DeMint speaks to packed house at town hall meeting - WTOC-TV: Savannah, Beaufort, SC, News, Weather & Sports

DeMint speaks to packed house at town hall meeting


Doors opened at 11 a.m. at Rioz Brazilian Steakhouse at 2920 Hollywood Dr. in Myrtle Beach as a line snaked through the restaurant parking lot. Hundreds of people packed into the standing room only event, while others - supporters and protesters alike - withstood the sun and heat outside.

DeMint (R-SC) kicked things off by thanking each person that showed up to the event, applauding them for being "American."

The senator quickly advanced into the hot topic of the afternoon that has been greatly debated at similar events across the nation: health care.

"The debate is not to do anything or something," declared DeMint. "The debate is whether or not we have the government control our health care or do we make what's working work better so that more people can get covered."

In front of the packed crowd, DeMint established his personal health care goal of giving every American the opportunity to own, afford and keep personal insurance policies. The question he posed, however, was how exactly to do it.

DeMint says while 80 to 85 percent of Americans are currently happy with their health care plans, a number of senior citizens are enrolled in Medicare. Legislation in Washington, the senator notes, would cut out the Medicare program.

"We can't mess with Medicare," the Republican said as he addressed current health care plans circulating through the U.S. Congress. "It's a promise we need to keep."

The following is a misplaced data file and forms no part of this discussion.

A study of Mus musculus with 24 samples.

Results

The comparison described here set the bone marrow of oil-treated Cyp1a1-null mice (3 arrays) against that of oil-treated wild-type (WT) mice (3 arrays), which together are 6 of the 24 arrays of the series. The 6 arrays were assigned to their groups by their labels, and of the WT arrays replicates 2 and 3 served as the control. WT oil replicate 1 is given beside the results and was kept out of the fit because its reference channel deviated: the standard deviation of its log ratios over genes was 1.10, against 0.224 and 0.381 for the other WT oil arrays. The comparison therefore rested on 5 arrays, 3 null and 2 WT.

That is where DeMint's proposed health care plan - The Freedom Plan - came into play at the town hall meeting. DeMint's Freedom Plan would protect the right of Americans to keep their employer-based plan if needed.

However, those without coverage from their employers would be eligible for vouchers of $2,000 for individuals and $5,000 for families to purchase coverage.

"No American should be forced into a government-run system that limits their choices and rations their care," he claimed.

The threat of limiting choices could be avoided, DeMint says, by creating competition among insurance companies and opportunities.

"This is common sense," he said. "It would make what's working work better. We don't need a government plan. Health care is probably the most complex and personal aspect of our lives."

Following DeMint's speech on Washington's health care overhaul, attendees of the town hall meeting had the opportunity to ask the senator questions about his position on health care and current legislation in Congress.

Outside the restaurant, dozens of protestors help up signs and gathered against DeMint, saying the public option was the way to go.

One of those protestors was Jamie Sanderson, the former Georgetown County Democratic Party Chair, who says he thinks the single payer plan would be most beneficial to the country.

"We are here for health reform," said Sanderson. "Scrap your voucher plan for health reform because it's not gonna do anything for us. Support Obama's plan."

DeMint says he will be taking what the people said Wednesday back to the Capitol after Congress' August recess.